Aortic Stenosis


What is Aortic Stenosis?

Aortic stenosis is a condition where the aortic valve becomes stiff and does not open properly. The aortic valve is one of the four valves in the heart that prevents blood from going backward. When the aortic valve does not open properly, the pressures within the heart become high.


What are the symptoms of Aortic Stenosis?

Many patients with aortic stenosis do not experience symptoms. However, patients with aortic stenosis that has become severe might experience shortness of breath with exertion, chest pain with exertion, a feeling of faintness or dizziness with exertion, or outright fainting.


What causes Aortic Stenosis?

Aortic stenosis is a progressive degenerative disease of the valve. Some patients are born with a valve that is not completely normal. Those "bileaflet" valves have a tendency to develop stiffening and do not open well. In most patients, aortic stenosis occurs as a result of the gradual buildup of calcium on the valves. That buildup results from cholesterol and inflammation. If the buildup becomes severe, the valves do not open properly. Patients with rheumatic heart disease or other conditions with significant inflammation can also develop aortic stenosis.


What is the treatment for Aortic Stenosis?

The standard treatment for aortic stenosis is open heart surgery where the aortic valve is replaced. There are two types of valves that can be placed in a patient: a mechanical valve and a tissue (or bioprosthetic) valve. The tissue usually comes from pig tissue called a “porcine” valve. Mechanical valves last longer, so they may be recommended for patients who are younger. Patients who have mechanical valves must take a medication called warfarin to prevent the formation of blood clots on the valve.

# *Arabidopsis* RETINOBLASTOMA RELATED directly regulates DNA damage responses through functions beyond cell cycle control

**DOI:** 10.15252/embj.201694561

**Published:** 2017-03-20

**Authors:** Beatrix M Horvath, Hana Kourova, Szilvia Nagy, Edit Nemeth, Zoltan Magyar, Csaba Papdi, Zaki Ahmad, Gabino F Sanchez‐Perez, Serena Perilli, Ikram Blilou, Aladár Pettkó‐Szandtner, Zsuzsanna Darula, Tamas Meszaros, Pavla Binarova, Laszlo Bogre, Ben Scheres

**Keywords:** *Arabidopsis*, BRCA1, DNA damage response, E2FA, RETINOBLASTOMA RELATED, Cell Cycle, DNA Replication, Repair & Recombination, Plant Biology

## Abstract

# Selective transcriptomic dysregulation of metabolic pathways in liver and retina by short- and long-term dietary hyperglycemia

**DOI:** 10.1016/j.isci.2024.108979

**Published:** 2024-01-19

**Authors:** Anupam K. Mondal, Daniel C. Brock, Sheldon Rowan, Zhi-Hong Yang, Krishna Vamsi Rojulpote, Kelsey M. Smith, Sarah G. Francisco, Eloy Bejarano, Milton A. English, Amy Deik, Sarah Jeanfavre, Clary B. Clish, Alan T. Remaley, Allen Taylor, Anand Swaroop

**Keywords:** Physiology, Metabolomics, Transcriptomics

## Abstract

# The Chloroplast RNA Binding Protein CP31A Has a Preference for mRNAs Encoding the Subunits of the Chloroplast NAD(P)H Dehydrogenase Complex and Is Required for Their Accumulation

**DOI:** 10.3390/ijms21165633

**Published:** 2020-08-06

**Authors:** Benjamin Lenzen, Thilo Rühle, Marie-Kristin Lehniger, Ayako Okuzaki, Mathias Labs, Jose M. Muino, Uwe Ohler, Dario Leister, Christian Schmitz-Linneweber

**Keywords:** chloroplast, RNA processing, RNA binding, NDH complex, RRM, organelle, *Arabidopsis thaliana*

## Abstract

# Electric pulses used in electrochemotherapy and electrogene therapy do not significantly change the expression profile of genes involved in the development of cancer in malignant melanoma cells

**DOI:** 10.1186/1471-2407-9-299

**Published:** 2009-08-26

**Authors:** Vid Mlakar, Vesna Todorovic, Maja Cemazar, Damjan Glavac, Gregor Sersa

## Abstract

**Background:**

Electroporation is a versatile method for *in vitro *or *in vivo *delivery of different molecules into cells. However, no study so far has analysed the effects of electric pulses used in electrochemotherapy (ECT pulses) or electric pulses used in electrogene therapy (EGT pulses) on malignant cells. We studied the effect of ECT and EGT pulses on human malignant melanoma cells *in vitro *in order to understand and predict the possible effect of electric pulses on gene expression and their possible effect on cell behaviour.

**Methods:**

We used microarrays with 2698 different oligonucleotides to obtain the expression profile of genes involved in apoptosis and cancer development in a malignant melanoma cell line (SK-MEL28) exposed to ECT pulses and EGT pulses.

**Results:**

A new treatment for aortic stenosis that does not involve open heart surgery is called Transcatheter Aortic Valve Replacement (TAVR). This procedure is done through plastic tubes (called catheters) that are inserted through needles into the blood vessels in the groin. The procedure resembles a balloon angioplasty in which a catheter is threaded through an artery and a balloon device on the end inflates to help open up a narrowing in an artery in the heart. In a TAVR, the replacement valve collapses to a very small diameter and is crimped onto the balloon device. The physician positions the replacement valve inside the patient's natural aortic valve and inflates the balloon. This causes the replacement valve to expand, pushing the faulty valve aside. The replacement valve begins to function as soon as the balloon catheter deflates to permit the flow of blood.

This approach is generally recommended for patients who are not suitable candidates for open-heart surgery. In a TAVR, a replacement valve is placed at the site of the old valve after the old valve has been opened with a balloon. This treatment is available through USF Cardiology.